The next day I still wasn't feeling so great, but I headed out anyway. On my way to the sites, I came across this gate dated 1839-1879, but with no other indication as to what it is. I looked it up and learned it's all that remains of the Anhalter Bahnhof, which was a major rail station from the East before it was largely destroyed by air raids in WWII. The fact that it sat in the West and served the East meant it ceased to be used when the city was divided.
Then I was on my way to one of the major tourist sites - Brandenburger Tor (Gate), which originated in 1791. While it once divided Berlin, it's seen as a symbol of unity today. The statute on top also survived both wars and is seen as lucky!
Walking along the road to the right brought me to the Holocaust Memorial. It's designed like a maze and it was particularly moving to see flowers had been left.
I thought I'd missed my chance to see the Reichstag view because the site showed nothing open for any of my dates, so I was then off to Potsdamer Platz for a look at the "new Berlin" and the view from the Panoramapunkt deck (in the brick building below).
The views were stunning! Even if you get into the Reichstag, the display at the to,p (in English & German) about the history of Potsdamer Platz with old photos, was worth the visit.
After enjoying the view, I decided to head towards Checkpoint Charlie. On my way there, I came across this lovely building - it houses a museum currently.
I then happened upon the Topography of Terror. It is a free site that not only preserved original sections of the wall, but has a fascinating museum about Hitler's rise to power - including that it occurred partially because so many people were unhappy with the poor conditions after WWI. Hitler was originally perceived as somebody who would bring internal peace and security, plus boost the economy. Initially these things happened, but they were gearing up for what was to come. Then started the slippery slope of demonizing those who couldn't work (for various reasons) as taking away from the Volk (aka People's) State. And we all know what eventually followed. It's important to note that Germany was a democracy before Hitler's party instituted martial law basically and had armed people present when the legislature voted itself out of existence.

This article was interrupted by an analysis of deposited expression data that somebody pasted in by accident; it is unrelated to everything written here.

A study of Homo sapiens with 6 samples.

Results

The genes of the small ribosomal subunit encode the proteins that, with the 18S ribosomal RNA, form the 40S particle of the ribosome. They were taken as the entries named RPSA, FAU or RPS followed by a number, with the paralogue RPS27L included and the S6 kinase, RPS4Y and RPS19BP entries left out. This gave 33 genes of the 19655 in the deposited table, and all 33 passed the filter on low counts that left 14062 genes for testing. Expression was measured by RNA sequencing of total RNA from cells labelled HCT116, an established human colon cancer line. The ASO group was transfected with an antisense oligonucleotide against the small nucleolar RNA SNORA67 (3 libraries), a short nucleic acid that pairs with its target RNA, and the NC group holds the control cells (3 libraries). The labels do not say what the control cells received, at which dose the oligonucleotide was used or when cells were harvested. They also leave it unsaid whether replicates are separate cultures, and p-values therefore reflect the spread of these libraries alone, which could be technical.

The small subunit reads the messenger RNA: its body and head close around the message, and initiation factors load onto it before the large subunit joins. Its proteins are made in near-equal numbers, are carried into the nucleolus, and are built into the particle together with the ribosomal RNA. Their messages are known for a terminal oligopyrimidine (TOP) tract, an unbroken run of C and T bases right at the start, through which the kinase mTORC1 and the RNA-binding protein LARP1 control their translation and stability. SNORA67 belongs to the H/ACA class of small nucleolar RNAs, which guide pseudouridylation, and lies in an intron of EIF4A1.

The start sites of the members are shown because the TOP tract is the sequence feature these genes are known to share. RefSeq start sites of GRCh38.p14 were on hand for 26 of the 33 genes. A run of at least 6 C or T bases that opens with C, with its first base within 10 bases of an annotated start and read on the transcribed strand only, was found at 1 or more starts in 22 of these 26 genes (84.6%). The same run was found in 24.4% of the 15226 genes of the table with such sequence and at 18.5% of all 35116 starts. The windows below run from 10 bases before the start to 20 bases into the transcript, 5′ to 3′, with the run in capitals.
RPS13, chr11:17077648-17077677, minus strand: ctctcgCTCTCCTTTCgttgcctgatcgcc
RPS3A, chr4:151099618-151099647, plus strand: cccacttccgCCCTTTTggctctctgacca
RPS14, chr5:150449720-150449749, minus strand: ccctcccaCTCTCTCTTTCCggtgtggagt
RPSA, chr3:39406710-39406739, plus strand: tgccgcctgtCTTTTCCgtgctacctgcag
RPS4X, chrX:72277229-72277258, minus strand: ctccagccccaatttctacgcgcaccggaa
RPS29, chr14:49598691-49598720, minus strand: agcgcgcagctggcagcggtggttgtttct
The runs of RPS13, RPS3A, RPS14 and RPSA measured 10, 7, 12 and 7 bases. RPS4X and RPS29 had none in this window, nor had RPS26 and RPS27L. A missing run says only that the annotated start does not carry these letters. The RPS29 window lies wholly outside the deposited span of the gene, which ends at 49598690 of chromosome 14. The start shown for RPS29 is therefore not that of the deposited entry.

Given the time spent at the Topography of Terror, I decided it was time for a break and noticed a Currywurst option. This is a local specialty, but is basically a sausage with ketchup seasoned with curry. The first version I had was good though! When I went to pay, I started to wonder at the "no credit cards" thing because it came up buying the transit pass, at the deck and for lunch. My friend, Tina, later confirmed that credit cards haven't really caught on in the area yet - be prepared to bring or get Euros!!!
After lunch, I made it to Checkpoint Charlie and found it very touristy. The checkpoint is the original from what I understand, but I doubt we actually have military there still. You still have a lovely "East meets West" view with McDonald's right there though.
Since I was still sick, it was time for a rest and to check if my German friend, Tina, who I met on my 2009 trip, was in town yet. Once we met up, we headed towards Unter den Linden, which is an area with a lot of Prussian architecture remaining. We saw this lovely building on the way - not sure what it is though.
The Prussian style is certainly different than the common French styles I've seen. Green and gold domes are a strong theme, as are large sculptures of men and men on horseback.
As we headed back around, there was a line for entry to the Reichstag dome, but as we stood waiting, Tina was able to get us tickets online! They were for 9:45, which turned out to be perfect as the view is incredible at night! There are certain moments you have traveling that will stick with you for life and lying around looking up at the stars in Berlin from the center of the Reichstag is certainly one!
Before making it there though, we wandered down to Alexander Platz, where the TV tower is located. I will note this was all walking at this point and, by the end of the day, I had walked a record number of steps! While this thing towers over the city, it's not until you're standing under it that you really grasp how tall it actually is! The top design is also very Prussian.
It was close to our time for the dome tour, so we headed back. I was only able to get this last shot of Brandenburger Tor at night though before my phone battery died! No pictures from the dome for me :-(
As a side note while I'm thinking about it, virtually everyone in Berlin speaks decent English. Even the people who thought I was French, due to my inability to quit using French courtesy words, switch to English because it's kind of the default second language. It is not at all difficult to get around Berlin without knowing any German. I barely remember any from high school and I've really only used "dänke" or thanks.